University of Toronto

Established in 1827, the University of Toronto has one of the strongest research and teaching faculties in North America, presenting top students at all levels with an intellectual environment unmatched in depth and breadth on any other Canadian campus.

With more than 75,000 students across three campuses (St. George, Mississauga and Scarborough) and over 450,000 alumni active in every region of the world, U of T’s influence is felt in every area of human endeavour.


The interruption to young children’s learning is happening precisely at a time when developmental gains matter most. (Shutterstock)

Coronavirus school closures could widen inequities for our youngest students

Remote contact with families in the coronavirus emergency is critical, but learning on a screen is not how young children will gain the foundational and developmental skills they need.
Despite an increasinly online-only world, libraries can still reveal the lives of the people who once owned the books within them. (Shutterstock)

As libraries go digital, paper books still have a lot to offer us

What stories will we tell about library collections in the future? As digitization takes over libraries, margin notes and scribbles are still part of the research process.
A seasonal migrant worker is seen in the Niagara area earlier this spring. (Jane Andres, Niagara Workers Welcome)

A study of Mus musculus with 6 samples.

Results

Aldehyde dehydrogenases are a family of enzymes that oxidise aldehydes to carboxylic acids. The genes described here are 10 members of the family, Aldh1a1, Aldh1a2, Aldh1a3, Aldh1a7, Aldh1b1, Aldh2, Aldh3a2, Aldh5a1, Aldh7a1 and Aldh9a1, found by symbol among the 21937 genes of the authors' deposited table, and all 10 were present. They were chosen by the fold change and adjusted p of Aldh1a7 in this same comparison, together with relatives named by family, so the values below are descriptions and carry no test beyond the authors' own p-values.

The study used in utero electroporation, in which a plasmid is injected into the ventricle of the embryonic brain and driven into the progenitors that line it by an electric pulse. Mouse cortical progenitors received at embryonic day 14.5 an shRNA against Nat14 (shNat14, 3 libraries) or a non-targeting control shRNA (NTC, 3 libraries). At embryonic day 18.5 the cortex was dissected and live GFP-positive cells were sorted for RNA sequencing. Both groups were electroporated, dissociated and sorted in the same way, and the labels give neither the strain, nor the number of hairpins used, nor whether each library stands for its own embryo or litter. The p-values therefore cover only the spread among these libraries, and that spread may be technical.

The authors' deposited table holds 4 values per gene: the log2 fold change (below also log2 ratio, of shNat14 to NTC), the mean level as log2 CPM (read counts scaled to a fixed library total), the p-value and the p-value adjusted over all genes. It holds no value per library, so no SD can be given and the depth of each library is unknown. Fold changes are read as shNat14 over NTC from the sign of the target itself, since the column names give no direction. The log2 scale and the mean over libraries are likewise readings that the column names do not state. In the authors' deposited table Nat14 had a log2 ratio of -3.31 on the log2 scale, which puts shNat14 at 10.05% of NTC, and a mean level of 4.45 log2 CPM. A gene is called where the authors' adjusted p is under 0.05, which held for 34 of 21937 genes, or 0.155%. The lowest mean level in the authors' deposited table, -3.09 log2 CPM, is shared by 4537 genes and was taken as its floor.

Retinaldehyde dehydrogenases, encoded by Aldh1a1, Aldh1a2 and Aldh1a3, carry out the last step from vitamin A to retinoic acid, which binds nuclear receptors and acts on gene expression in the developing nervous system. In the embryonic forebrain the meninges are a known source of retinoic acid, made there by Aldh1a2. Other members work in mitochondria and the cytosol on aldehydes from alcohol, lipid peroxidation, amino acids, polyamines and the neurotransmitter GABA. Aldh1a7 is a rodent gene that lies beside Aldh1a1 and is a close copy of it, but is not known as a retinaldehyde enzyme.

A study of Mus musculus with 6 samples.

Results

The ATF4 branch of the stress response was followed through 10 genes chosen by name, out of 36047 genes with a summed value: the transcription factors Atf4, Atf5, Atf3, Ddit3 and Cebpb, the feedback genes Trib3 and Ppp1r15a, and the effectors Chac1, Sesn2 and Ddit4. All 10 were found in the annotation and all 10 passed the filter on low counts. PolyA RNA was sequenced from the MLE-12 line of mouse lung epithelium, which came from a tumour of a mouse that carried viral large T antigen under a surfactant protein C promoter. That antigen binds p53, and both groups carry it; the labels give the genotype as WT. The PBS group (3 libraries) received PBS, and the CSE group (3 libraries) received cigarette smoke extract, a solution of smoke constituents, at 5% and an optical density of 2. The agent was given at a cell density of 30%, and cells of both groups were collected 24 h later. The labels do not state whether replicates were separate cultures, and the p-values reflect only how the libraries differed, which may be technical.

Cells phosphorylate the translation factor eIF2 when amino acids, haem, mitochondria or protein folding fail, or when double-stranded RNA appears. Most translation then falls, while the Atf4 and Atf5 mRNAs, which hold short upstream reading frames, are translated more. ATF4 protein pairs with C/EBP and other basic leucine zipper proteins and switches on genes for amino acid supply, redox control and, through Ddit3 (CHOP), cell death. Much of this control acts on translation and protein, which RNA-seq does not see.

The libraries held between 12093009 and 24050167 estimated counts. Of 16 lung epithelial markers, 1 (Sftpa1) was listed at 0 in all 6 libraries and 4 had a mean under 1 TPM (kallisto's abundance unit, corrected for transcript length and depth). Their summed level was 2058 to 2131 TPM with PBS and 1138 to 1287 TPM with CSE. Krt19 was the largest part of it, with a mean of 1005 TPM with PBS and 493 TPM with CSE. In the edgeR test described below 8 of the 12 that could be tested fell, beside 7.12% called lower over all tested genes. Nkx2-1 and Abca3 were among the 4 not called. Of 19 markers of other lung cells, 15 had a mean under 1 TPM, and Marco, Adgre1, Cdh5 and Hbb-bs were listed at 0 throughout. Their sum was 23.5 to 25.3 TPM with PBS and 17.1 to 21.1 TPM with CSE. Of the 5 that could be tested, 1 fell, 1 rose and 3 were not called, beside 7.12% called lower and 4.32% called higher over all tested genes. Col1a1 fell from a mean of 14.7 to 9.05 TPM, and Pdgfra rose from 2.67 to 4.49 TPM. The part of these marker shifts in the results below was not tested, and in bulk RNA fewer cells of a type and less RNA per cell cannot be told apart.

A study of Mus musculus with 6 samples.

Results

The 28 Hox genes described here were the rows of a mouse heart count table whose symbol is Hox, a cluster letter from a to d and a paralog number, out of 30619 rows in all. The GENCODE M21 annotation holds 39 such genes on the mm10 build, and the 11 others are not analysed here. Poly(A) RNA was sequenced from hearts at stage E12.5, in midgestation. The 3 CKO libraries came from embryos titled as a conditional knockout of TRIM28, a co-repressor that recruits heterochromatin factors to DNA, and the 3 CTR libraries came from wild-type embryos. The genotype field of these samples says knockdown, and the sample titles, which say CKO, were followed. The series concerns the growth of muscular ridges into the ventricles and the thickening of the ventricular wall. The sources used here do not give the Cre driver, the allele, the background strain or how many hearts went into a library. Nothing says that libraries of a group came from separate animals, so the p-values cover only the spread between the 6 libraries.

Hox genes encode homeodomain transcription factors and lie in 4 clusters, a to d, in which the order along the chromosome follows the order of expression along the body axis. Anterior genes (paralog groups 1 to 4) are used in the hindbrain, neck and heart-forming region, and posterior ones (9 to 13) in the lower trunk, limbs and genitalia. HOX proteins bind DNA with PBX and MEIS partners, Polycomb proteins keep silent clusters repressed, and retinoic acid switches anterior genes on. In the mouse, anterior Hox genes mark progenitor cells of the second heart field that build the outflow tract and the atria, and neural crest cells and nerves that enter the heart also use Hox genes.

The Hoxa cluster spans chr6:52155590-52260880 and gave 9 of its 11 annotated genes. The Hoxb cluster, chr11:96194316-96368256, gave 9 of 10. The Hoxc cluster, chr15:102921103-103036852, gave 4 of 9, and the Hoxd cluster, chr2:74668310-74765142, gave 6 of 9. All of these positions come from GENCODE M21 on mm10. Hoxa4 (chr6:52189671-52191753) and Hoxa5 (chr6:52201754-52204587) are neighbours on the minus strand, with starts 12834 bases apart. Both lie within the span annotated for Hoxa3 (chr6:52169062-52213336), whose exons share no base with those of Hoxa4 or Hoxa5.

Coronavirus: Canada stigmatizes, jeopardizes essential migrant workers

Migrant workers are not inherently more vulnerable to COVID-19, nor more likely to be carrying it than Canadians. Yet our treatment of them this year stigmatizes them and puts them at risk.
For Black birdwatchers, the outdoors is a relaxing space but not one free from racism and discrimination. (Shutterstock)

What you should know about Black birders

As Black birdwatcher Christian Cooper learned in New York City's Central Park, nature is seen as a white space and Black birdwatching as an aberration.
New research suggests many Canadians cannot afford to forgo public transit during the COVID-19 pandemic — or ever. Jed Dela Cruz/Unsplash

Giving up public transit during the coronavirus is a luxury many Canadians can’t afford

Many of Canada's residents, including essential workers, have no choice but to ride transit. Service cuts may cripple their access to essential destinations if governments do not intervene.
A man marks places in a mosque for worshippers to maintain distance during prayers after the government relaxed the weeks-long lockdown that was enforced to curb the spread of the coronavirus, in Peshawar, Pakistan. (AP Photo/Muhammad Sajjad)

Pakistan’s religious leaders defied coronavirus mosque restrictions then compromised

The ulema's reaction to the government's decision to limit access to mosques — and the civil society's counter-reaction — should be viewed in terms of challenges to traditional theism in modernity.
A migrant covered with a blanket passes in front of dumped garbage outside the Moria refugee camp on the island of Lesbos, Greece, Jan. 21, 2020. (AP Photo/Aggelos Barai)

Refugees at increased risk of coronavirus due to barriers to healthcare

Based on how other diseases have moved through refugee camps, there is an urgent need to protect refugees in camps and informal settlements from COVID-19.
Les mères ressentent la pression de devoir à la fois travailler et assumer la plupart des tâches parentales. Shutterstock

Pandémie : les femmes font moins de recherche que les hommes

La fermeture des écoles et des services de garde en raison de la pandémie a eu un impact sur les mères universitaires. Elles sont moins en mesure de mener des recherches et d’écrire des articles.